Touring Legal London: Art, Crypts and Wool (Exploring the Law)

In the induction period, new LLB students at the City Law School were asked to undertake the ‘Exploring the Law’ activity – wandering round the local area to find certain buildings, statues, streets or murals on one of eight trails around legal London (compiled by Emily Allbon), along with their tutor group. They then penned a short blog on some aspect of their travels. 21 students were chosen as winners and these will be posted here on Lawbore Future Lawyer. This excellent piece was chosen as one of the 21 – well done to Jennifer Saxby.

Whilst walking around London on Wednesday afternoon sounded…refreshing, a lazy afternoon in bed sounded even better, especially as it was freshers week. However, provided that I am a fresher, I decided that I did in fact need to get out of bed before 3pm and familiarise myself with the local area, as well as gain knowledge of the historical legal landmarks right at my doorstep. Our group had four building to visit that day – Magpie Alley Crypt, Staple Inn, St. Sepulchre Church and the Museum of Order of St. John. Starting with the latter (as it was the closest to us at the time) we set out on our adventure.

The Museum of the Order of St. John has been welcoming wandering visitors for over a hundred years. The vast collection inside holds paintings, manuscripts, ancient coins and much more. The most talked about and dare say, the most controversial, is the painting by a famous Italian artist, Caravaggio. Mr Thwayte, the former owner of the painting, sued Sotherby’s (a British founded art dealership) after selling the painting for £42,000, not knowing it was in fact painted by Caravaggio in 1595 – and later discovering, it was worth £10 million. Mr Twayte’s lawyers criticised the auction house for negligence and claimed they failed to carry out proper tests and consult experts. In 2015 Mr Thwayte’s dispute was lost and it was decided by The High Court that Sotherby’s consultation process with others had meant the auction house had reasonably come to the view that the quality of the painting was “not sufficiently high to indicate that it might be by Caravaggio”.

Our next stop took us to St. Sepulchre Church. At first glance it looked like the usual medieval church you would see on your day to day medieval church excursion, however, whilst digging into the history, it prevailed otherwise. Inside contains an item belonging to a gruesome background. This church preserves a handbell of which was chimed twelve times at midnight for the prisoners at Newgate Prison in the eighteenth century. Twelve chimes from the handbell at the stroke of midnight was the called the ‘death knell.’ The idea was to try and help the prisoners repent their sins before they were hung.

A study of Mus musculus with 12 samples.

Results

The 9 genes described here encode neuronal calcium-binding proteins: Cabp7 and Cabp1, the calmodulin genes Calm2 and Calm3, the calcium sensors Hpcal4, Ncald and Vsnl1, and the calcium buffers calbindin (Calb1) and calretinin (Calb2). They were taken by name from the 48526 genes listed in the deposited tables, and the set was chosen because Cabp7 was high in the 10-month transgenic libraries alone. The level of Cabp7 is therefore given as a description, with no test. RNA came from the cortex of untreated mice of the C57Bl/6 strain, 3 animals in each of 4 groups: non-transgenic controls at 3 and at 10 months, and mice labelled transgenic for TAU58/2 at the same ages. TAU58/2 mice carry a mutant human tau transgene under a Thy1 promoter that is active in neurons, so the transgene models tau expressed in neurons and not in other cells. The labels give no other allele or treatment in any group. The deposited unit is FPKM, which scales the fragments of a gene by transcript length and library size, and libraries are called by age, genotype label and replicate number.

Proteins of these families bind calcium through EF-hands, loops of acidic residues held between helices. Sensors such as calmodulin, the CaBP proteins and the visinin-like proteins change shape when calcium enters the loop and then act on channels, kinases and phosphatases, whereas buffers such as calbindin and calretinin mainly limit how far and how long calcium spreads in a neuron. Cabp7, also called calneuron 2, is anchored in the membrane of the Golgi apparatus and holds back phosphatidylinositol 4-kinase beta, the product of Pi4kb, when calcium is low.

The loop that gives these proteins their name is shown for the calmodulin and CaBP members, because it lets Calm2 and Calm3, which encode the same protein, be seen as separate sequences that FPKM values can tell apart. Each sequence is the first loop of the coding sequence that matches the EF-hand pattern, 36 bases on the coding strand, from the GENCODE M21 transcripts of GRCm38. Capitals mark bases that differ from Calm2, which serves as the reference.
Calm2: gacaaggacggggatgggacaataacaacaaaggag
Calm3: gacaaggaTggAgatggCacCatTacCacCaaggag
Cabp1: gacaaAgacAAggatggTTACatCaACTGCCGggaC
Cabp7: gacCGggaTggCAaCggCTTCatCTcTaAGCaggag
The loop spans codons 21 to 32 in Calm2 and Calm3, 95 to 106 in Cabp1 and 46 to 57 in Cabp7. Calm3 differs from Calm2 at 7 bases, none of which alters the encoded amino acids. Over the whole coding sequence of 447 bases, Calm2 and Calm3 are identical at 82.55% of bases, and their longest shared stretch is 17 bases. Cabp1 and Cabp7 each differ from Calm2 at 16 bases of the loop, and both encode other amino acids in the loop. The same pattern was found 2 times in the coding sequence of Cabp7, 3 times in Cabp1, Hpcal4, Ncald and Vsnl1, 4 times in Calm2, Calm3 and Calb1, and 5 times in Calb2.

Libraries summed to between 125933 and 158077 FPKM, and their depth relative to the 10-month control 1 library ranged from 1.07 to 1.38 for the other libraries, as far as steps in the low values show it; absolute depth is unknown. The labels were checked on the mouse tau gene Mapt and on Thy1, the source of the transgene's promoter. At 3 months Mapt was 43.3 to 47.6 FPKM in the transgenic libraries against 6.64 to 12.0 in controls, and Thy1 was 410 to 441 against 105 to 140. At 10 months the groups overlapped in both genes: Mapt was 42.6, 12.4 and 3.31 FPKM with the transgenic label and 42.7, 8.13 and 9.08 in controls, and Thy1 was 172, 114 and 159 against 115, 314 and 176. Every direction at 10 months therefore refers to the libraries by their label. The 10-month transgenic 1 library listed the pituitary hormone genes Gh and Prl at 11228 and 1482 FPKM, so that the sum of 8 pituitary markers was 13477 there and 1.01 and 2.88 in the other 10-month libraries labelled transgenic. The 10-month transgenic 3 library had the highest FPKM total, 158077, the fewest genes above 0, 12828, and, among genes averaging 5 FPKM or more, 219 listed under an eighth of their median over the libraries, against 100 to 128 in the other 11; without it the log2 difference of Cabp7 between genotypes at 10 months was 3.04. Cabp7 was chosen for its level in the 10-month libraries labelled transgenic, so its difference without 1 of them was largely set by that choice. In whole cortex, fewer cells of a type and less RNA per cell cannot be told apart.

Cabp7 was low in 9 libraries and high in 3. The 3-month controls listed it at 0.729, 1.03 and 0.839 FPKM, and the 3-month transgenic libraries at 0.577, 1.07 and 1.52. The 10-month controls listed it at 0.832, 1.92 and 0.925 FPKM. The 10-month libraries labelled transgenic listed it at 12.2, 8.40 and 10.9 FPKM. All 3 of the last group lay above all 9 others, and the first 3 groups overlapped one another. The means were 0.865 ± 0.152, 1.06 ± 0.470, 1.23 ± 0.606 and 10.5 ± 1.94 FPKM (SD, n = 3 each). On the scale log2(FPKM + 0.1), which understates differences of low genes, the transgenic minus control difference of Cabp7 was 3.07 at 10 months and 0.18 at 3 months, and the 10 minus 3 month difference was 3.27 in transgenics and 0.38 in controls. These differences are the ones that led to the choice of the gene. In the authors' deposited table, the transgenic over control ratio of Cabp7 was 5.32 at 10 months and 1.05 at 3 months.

Thinking about how capital punishment was  legal in England until 1998 makes you wonder that a mere 20 years ago human beings were being sentenced to death. This brought me back to my previous studies regarding law and morality.

Whilst the idea of ‘an eye for an eye’ could justify the death sentence 20 years ago, could the wrongful executions negate the validity for this? There have been hundreds of cases where defendants have actually been victims – for example, this was the case for Timothy Evens who was wrongfully tried and executed in 1950, then pardoned 16 years later in 1966. I wonder if all those years ago when the twelve chimes rung at midnight, was the prisoner that was sentenced to death actually guilty or innocent for their crimes.

The third destination took us to Staple Inn. The name ‘Staple’ derives from 1585, where the Inn was once a wool staple where the wool was weighed and taxed. The 5 bay Staple Inn was built in 1585 and was established as an ‘Inn of Chancery’ which was a medieval school providing training in legal practices.

More recently, the Staple Inn Chambers was founded in 1991 by a group of eight experienced practitioners and has developed over the years to house many legal practitioners. Barristers within the chambers are multi disciplinary as they specialise in one or more areas of the law; from civil litigation, crime, family, immigration and much more. The Inn has been restored many times, from surviving the Great Fire of London in 1666 to the attack of German air raids in 1944 making this building a remarkable ‘staple’ in legal London.

Once again we turned to Google Maps and started walking to our final destination, Magpie Alley Crypt. Sounding like something off of Harry Potter, we were eager to find out what was waiting for us.

Whilst making our way down the alley, we noticed the wall was full of illustrations celebrating the long association with the printing and newspaper industries which prospered in the area for centuries, beginning with the early printing presses of the 1500s. After studying the wall, our group made our way down a steep staircase which contained a late 14th century crypt. This crypt was once home to the ‘Carmelite Order of the White Friars’ since 1253 (a possibility is that the crypt was a part of their mansion), to later being used as a coal cellar after King Henry VIII disbanded the priory in the mid 16th century. Today the crypt is held captive behind glass in the basement of a law firm, Freshfields Bruckhaus Deringer, for visitors to come and admire the historic sight.

After visiting all four landmarks and through learning about their past, it became clear that law has had a substantial effect on their history; from lawsuits to executions. It turns out that getting out of bed was worth it.